A close-up of a hand displaying a vaccination card.
Proof of vaccine will no longer be required at indoor gatherings of more than 1,000 people.
(Alborz Kamalizad

State health officials made the change April 1, as California gears up for a slate of summer conventions with tens of thousands of people.

A table of the indoor and outdoor mega event rules by the L.A. County Dept. of Public Health
L.A. County Dept. of Public Health's rules and recommendations for indoor and outdoor mega events as of April 5, 2022.
Courtesy of the L.A. County Dept. of Public Health)

The Los Angeles County Dept. of Public Health considers indoor mega events high risk because “the attendees are spending long periods of time physically close to large numbers of people they don't usually interact with, thereby increasing the risk that respiratory particles will be transmitted between attendees and participants if someone present is infected.”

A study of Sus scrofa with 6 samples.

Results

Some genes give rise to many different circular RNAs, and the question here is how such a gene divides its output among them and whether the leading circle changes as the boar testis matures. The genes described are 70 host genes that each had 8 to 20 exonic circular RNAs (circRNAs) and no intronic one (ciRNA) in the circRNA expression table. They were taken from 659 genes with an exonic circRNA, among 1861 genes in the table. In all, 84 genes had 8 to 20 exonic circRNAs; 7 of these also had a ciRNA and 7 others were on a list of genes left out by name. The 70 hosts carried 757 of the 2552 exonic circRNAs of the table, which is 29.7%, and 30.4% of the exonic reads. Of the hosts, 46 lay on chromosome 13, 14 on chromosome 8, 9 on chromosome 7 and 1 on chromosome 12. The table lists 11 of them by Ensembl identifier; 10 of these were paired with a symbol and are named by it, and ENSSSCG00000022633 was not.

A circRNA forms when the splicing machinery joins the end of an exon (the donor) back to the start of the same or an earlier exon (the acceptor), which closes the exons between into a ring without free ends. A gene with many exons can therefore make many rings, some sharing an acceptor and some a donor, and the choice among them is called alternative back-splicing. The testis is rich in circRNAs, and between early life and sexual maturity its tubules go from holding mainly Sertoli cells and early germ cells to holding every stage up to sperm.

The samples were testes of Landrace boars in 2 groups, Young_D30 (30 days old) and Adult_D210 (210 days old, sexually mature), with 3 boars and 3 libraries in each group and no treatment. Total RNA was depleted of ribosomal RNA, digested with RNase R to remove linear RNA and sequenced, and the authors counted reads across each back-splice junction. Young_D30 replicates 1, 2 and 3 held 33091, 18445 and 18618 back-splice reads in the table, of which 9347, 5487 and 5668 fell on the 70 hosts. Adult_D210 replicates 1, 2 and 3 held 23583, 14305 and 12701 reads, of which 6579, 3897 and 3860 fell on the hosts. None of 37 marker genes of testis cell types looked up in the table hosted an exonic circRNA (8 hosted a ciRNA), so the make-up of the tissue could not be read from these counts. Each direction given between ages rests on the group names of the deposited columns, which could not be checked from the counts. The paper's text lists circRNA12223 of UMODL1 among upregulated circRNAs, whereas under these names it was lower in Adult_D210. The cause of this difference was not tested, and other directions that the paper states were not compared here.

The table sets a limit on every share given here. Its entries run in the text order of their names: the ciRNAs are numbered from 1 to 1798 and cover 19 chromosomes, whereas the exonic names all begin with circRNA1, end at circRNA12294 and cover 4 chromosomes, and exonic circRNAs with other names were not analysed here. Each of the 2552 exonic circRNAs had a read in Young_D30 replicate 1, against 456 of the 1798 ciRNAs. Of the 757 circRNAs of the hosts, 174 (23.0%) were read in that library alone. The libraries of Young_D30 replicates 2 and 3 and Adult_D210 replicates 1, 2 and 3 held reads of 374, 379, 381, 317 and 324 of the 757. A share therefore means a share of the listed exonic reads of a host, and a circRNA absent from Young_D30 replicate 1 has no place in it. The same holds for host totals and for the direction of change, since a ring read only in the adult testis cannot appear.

And with baseball season about to start, masks are also no longer required at outdoor events.

Cal/OSHA rules require employers who permit optional masking to provide high quality masks, such as N95 or KN95, for employees who want to wear them. The masks must be replaced if they get dirty or after five uses, whichever comes first.

Nationwide, the BA.2 subvariant is causing cases to rise in New England. In much of the West, reports of new cases are declining, though the pace of improvement has slowed.

What questions do you have about the pandemic and health care?
Jackie Fortiér helps Southern Californians understand the pandemic by identifying what's working and what's not in our health response.